The Independence Referendum in Scotland
Martin Eidenberg – Democracy Lab Team Leader and Op-ed Contributor
On September 18th, the people of Scotland were faced with a choice. On one hand, Scots had the option of remaining a part of the greater United Kingdom (UK), composed of itself, Wales, Northern Ireland and Scotland’s historical foe, England. The other option was to vote for Scotland to become an independent country. These sides were represented as the ‘No’ and the ‘Yes’ sides in the independence referendum. To skip to the result, the Scottish people chose to remain a part of the UK with 55% of people voting No and 45% voting Yes with an incredible voter turnout of 85%.
To understand what happened in Scotland we have to backtrack a few steps. The desire of Scots to have a separate country is not a new one. In fact, for centuries the Scots and the English were not on friendly terms, and to this day the Battle of Bannockburn in 1314 is remembered fondly by Scots as a great victory against the English under the leadership of the great Scottish hero Robert the Bruce. More recently, the Scottish National Party (SNP) has been bringing the question of independence to the forefront, both at Westminster in the British Parliament with elected Members of Parliament and in Edinburgh at the Scottish Parliament, which has devolved powers from the United Kingdom, including the allocation of the budget of the Scottish National Health Service.
So then why, with the devolved powers that Scotland already enjoyed and the strength that comes with being a part of the United Kingdom, would Scotland, or at least a substantial percentage of Scots, still desire to become independent? There is not one answer to this question; instead there are a lot of contributing factors. One of these is the sentimental factor, that of Scottish pride. But there are also the beliefs that North Sea oil revenues should remain in Scottish hands and that Scotland should not be a nuclear weapons depot for the UK. These facts were disputed by the No campaign that argued that the Yes campaign was hugely overestimating the oil revenues and the risks of the nuclear program. The No campaign essentially argued that it would be far too risky for Scotland to become independent. Their principal argument revolved around currency and economics and the political risk that would surround the Scottish economy should it become independent of the UK. This would have had significant implications on people’s pensions and would have resulted in the loss of banks and corporate headquarters from Edinburgh’s sizable financial district. It was here that the Yes side, as much as it tried, failed to gain much traction in reassuring voters.
Supporting the argument for why there was enough discontent in Scotland for a referendum to be held is the fact that Scottish MPs at Westminster are predominantly of the Labour Party and the SNP. This creates a feeling that Scotland does not have a say in its own governance with a Conservative government in Westminster, whom Scots didn’t vote for. This is what can happen with a first-past-the-post or single member plurality electoral system. This is also why prominent Scottish Labour Party politicians led the No side. Alistair Darling, longtime Labour MP and former Chancellor of the Exchequer, led the No campaign, also known as the Better Together campaign. Former Labour Prime Minister Gordon Brown was a key supporter as well, especially at the end of the campaign.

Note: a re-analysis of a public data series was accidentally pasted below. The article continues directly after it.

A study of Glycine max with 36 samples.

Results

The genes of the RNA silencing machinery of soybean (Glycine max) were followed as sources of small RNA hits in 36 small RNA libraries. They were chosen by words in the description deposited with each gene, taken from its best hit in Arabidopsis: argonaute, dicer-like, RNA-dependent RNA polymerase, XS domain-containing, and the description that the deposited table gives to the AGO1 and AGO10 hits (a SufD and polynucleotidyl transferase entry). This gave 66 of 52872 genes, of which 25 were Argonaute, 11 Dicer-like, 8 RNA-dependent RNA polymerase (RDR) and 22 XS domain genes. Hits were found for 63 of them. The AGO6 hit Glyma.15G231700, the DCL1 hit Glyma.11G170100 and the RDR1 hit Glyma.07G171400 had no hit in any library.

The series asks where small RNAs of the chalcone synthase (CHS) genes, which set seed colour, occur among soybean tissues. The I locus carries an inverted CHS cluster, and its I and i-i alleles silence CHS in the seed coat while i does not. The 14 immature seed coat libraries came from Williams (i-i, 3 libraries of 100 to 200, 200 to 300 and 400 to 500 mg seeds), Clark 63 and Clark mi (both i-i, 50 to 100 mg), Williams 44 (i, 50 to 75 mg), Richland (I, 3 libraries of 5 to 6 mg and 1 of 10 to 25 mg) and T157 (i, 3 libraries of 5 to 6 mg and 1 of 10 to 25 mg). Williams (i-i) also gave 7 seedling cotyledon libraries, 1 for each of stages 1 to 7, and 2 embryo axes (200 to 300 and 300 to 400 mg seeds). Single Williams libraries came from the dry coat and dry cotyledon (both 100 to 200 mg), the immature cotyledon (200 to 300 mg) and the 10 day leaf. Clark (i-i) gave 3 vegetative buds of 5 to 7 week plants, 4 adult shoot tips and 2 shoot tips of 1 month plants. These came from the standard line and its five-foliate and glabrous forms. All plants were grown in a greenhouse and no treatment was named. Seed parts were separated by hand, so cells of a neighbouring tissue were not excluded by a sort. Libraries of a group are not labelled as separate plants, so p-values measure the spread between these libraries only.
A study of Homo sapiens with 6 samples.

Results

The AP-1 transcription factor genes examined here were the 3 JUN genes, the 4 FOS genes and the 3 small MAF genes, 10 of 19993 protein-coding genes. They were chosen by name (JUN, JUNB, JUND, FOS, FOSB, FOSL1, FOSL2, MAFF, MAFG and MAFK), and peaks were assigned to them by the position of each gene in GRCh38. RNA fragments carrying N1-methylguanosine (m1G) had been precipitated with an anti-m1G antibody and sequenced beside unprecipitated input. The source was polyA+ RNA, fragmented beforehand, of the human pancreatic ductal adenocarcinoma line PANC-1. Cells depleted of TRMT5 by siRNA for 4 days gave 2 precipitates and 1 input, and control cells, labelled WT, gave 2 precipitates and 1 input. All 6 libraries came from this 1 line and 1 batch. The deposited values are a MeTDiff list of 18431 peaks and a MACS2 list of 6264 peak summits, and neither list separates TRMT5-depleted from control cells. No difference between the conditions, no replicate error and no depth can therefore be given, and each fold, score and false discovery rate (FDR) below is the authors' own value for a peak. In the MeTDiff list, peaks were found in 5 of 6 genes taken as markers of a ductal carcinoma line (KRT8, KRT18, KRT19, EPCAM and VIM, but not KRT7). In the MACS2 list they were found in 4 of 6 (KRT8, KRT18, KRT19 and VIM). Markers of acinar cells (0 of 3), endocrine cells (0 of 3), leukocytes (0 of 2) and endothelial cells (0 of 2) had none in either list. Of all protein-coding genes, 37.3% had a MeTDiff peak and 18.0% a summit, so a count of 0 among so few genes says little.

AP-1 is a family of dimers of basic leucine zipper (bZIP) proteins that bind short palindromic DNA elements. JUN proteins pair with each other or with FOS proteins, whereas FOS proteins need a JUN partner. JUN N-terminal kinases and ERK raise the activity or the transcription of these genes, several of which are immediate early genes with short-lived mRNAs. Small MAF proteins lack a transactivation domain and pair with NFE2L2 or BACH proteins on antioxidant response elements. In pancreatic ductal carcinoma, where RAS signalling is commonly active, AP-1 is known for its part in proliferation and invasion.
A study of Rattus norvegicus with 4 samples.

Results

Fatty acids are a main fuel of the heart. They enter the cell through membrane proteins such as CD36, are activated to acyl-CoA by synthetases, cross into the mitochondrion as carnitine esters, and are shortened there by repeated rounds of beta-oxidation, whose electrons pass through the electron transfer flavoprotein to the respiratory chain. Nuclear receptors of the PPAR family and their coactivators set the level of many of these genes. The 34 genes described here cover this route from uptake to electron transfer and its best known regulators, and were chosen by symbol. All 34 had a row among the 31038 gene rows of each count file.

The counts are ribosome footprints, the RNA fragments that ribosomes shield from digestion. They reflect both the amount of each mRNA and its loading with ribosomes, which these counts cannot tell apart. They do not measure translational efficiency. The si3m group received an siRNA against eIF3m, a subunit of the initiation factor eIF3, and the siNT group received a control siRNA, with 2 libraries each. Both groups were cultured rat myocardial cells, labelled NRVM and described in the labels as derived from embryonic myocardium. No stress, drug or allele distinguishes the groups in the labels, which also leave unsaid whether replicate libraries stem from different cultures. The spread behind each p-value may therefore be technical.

The leadership dynamics of the referendum themselves are an interesting study. A quick overview shows the Yes side having a strong leader in Alex Salmond, the Scottish First Minister, who proved to be adept at depicting himself as a strong, honest leader who didn’t lie to the Scottish people and would bring the change that Scotland deserves. The No campaign was an eclectic group led by a Labour politician and supported by the Labour Party, the strongest unionist party in Scotland, but also by the Conservatives who are in power in the UK as a whole as well as all the other major political parties including the Liberal Democrats and the UK Independence Party (who want to see the UK leave the EU). This mix of voices may well have hurt the No side. The Yes side was quite successful at depicting the efforts of British Prime Minister David Cameron as self-interested to simply try to save his own job. Ironically, it was Salmond who stepped down after the No victory.
So what now for Scotland and the UK? Scotland was promised more devolved powers and this may well come in conjunction with devolved powers for each of the other three nations of the UK. Perhaps the net result of an independence referendum in Scotland is a move towards federalism for the UK. Now that would be turning the tables. Scotland may not have gotten the government in Westminster that they voted for, yet this would mean England would now get devolved powers it also did not vote for.
Martin is a student at the University of Western Ontario’s Richard Ivey School of Business in their Honors in Business Administration program after completing his first two years studying Economics and Political Science. Martin writes regularly for the Leadership and Democracy Lab where he also serves as a Team Leader.